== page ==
Eleanor Roosevelt with, from left, Marjorie Shuler, Emma Bugbee and Helen Worden.
First Lady Michelle Obama could do worse than be seen taking to a typewriter keyboard as her husband pushes for re-election in November. Maybe it would be seen as a show of support for traditional values?
The wives of great American leaders have been known to use typewriters: Remember the many images of Jackie Kennedy typing I posted here some time ago?
And Harry S. Truman's daughter Margaret was a typist, too:
In the image at the top of this post, taken on April 9, 1934, First Lady Eleanor Roosevelt (1884-1962) is seen typing while in the company of journalists, from left, Marjorie Shuler, Emma Bugbee and the president of the Newspaper Women's Club, Helen Worden.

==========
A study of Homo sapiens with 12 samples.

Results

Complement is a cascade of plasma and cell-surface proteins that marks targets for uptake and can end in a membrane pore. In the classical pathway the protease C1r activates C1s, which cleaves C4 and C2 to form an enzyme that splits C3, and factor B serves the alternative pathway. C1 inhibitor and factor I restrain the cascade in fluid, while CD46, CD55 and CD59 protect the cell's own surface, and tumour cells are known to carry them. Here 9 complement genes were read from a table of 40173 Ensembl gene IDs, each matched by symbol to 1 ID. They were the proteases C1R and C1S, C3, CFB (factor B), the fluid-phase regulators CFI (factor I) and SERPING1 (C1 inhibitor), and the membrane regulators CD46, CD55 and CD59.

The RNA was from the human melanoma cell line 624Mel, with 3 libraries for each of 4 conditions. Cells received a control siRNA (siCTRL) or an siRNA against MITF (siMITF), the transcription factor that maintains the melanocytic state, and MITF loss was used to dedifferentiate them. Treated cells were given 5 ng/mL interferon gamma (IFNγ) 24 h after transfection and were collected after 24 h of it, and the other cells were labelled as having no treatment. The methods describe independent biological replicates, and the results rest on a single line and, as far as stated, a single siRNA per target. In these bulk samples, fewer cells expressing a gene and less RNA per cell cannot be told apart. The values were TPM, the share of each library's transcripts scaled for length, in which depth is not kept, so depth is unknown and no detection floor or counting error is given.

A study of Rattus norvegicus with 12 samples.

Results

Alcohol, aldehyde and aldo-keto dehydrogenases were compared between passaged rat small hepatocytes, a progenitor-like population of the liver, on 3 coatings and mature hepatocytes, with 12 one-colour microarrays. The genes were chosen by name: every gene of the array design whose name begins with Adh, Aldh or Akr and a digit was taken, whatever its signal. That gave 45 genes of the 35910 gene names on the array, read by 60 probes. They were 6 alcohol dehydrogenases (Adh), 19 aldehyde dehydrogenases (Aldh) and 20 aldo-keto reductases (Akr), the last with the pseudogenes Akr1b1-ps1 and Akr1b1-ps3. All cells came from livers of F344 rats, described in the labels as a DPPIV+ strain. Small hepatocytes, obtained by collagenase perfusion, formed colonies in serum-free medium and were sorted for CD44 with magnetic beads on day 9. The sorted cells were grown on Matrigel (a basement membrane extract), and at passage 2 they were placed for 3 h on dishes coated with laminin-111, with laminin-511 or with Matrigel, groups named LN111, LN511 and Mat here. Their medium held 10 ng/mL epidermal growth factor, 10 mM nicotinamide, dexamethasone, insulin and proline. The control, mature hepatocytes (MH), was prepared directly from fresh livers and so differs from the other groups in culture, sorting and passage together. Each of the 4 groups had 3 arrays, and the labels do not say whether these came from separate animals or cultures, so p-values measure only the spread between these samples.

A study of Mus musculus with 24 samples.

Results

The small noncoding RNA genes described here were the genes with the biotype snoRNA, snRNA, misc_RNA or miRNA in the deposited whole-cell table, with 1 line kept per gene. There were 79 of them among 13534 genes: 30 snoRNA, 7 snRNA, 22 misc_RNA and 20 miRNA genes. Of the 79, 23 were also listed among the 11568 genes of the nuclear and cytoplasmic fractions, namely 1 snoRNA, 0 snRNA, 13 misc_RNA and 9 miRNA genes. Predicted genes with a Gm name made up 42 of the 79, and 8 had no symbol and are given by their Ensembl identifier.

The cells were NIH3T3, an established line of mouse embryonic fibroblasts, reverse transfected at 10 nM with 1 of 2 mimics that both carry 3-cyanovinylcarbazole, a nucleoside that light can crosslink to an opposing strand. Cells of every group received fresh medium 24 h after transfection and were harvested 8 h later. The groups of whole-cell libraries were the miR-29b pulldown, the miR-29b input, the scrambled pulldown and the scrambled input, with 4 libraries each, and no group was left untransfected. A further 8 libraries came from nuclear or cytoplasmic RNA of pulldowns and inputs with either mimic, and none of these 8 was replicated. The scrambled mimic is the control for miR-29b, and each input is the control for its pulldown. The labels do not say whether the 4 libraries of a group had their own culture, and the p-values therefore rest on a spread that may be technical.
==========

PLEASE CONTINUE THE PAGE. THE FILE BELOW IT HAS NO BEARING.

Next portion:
Marjorie Shuler (above) was a suffrage lobbyist who authored the book, The Woman Voter's Manual (1918). As chair of publicity of the National American Woman Suffrage Association, she wrote Getting Your Money's Worth from Washington (1921), Let Us Put Fear Aside (1930) and Have It Your Way (1932).
Emma Bugbee (above, 1888–1981) was also a suffragist. Born in Shippensburg, Pennsylvania, she moved to New York, graduated from Barnard College and taught Greek courses at a high school in Methuen, Massachusetts. She became a reporter for the New York Herald and the New York Herald Tribune. In 1914 she covered the Suffrage hike from Manhattan to Albany, New York. She died on October 6, 1981, in Warwick, Rhode Island.
Helen Worden Erskine Cranmer, born on July 12, 1896, in Denver, was a journalist and author. She joined the staff of New York World in 1926, as a society writer. She wrote The Real New York, 1932; Round Manhattan's Rim, 1934; The Society Circus,1937; Here is New York, 1939; and Discover New York, 1943. During the 1960s she wrote the syndicated Dorothy Dix advice column. She was married to author John Erskine. She died in Denver in July 31, 1984.